What is the Principal Designer (PD)?
What does the Principal Designer do, and do I need one?
The Construction (Design and Management) Regulations 2015 (CDM) introduced a new Duty Holder called the Principal Designer (PD). This position replaced, albeit not directly, the former role of "CDM Coordinator".
The Principal Designer is the person or organisation appointed by the Client, as defined by CDM, of a project, to control and manage the pre-construction or design phase of a construction project. It is one of the five Duty Holder positions identified by the CDM Regulations as being required when any construction project is reasonably foreseen to involve more than one on-site contractor.
It is important to note that the appointment of the Principal Designer by the Client must be done in writing and cannot be presumed. If the Client fails to make an appointment, they themselves will, by default, become the Principal Designer for the purposes of the Regulations.
All Designers involved on a project have a duty to ensure that the Client is aware of their duties under the Regulations and as such must advise the Client that a Principal Designer must be formally appointed.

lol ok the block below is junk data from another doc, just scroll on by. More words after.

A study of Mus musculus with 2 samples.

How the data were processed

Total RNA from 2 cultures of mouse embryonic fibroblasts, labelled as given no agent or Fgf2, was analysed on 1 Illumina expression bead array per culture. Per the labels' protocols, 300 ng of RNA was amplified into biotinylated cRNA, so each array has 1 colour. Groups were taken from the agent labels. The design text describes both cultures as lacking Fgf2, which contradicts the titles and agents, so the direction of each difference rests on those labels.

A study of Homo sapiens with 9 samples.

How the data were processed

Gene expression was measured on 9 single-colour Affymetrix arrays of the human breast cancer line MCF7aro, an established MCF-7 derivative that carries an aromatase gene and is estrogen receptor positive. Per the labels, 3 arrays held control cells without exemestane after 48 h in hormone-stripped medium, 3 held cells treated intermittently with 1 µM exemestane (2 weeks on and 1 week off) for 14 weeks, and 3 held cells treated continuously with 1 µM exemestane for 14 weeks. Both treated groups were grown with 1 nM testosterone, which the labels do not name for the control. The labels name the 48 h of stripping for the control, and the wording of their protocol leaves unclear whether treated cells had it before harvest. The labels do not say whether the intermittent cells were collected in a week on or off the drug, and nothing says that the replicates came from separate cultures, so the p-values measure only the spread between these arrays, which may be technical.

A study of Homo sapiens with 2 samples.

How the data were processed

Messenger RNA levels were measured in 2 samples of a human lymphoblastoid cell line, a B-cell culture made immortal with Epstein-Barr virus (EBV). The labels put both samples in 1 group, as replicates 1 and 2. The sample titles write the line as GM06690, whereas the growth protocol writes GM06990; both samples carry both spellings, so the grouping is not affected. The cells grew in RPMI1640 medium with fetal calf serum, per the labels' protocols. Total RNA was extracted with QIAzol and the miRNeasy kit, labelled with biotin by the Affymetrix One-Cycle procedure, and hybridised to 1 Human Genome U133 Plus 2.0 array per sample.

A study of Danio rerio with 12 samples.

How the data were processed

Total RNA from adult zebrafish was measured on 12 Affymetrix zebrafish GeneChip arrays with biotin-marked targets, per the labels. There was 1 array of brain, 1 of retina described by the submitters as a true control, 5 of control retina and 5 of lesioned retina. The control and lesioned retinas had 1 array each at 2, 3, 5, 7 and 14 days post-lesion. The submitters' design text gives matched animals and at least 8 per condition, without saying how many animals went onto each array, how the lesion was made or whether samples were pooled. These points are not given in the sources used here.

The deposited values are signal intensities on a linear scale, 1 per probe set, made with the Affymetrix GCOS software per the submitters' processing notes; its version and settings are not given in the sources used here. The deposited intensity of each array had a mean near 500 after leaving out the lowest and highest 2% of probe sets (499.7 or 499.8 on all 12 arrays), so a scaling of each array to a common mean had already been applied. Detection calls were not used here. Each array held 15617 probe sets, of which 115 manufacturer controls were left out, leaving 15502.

Mosaic handles the compliance aspect of appointments by presenting all participants (when they are invited to projects via the application) with a written set of responsibilities that they must digitally confirm acceptance of, before being allowed to continue as a participant on the project via Mosaic. Anyone presented with a set of responsibilities they do not accept will still be allowed to view the shared information but will be barred from providing Risk Assessments via the HARI tool on the project on the basis that they have not legally accepted their responsibilities.
Principal Designers perform an important role within a construction project team, they are able to influence and control how risks to Health and Safety are managed and monitored during a project. Design decisions made during the early phases of a project can impact positively on the outcome of a project by ensuring high standards of health, safety and welfare are maintained as well as assisting in reducing delays and lowering overall costs of the project.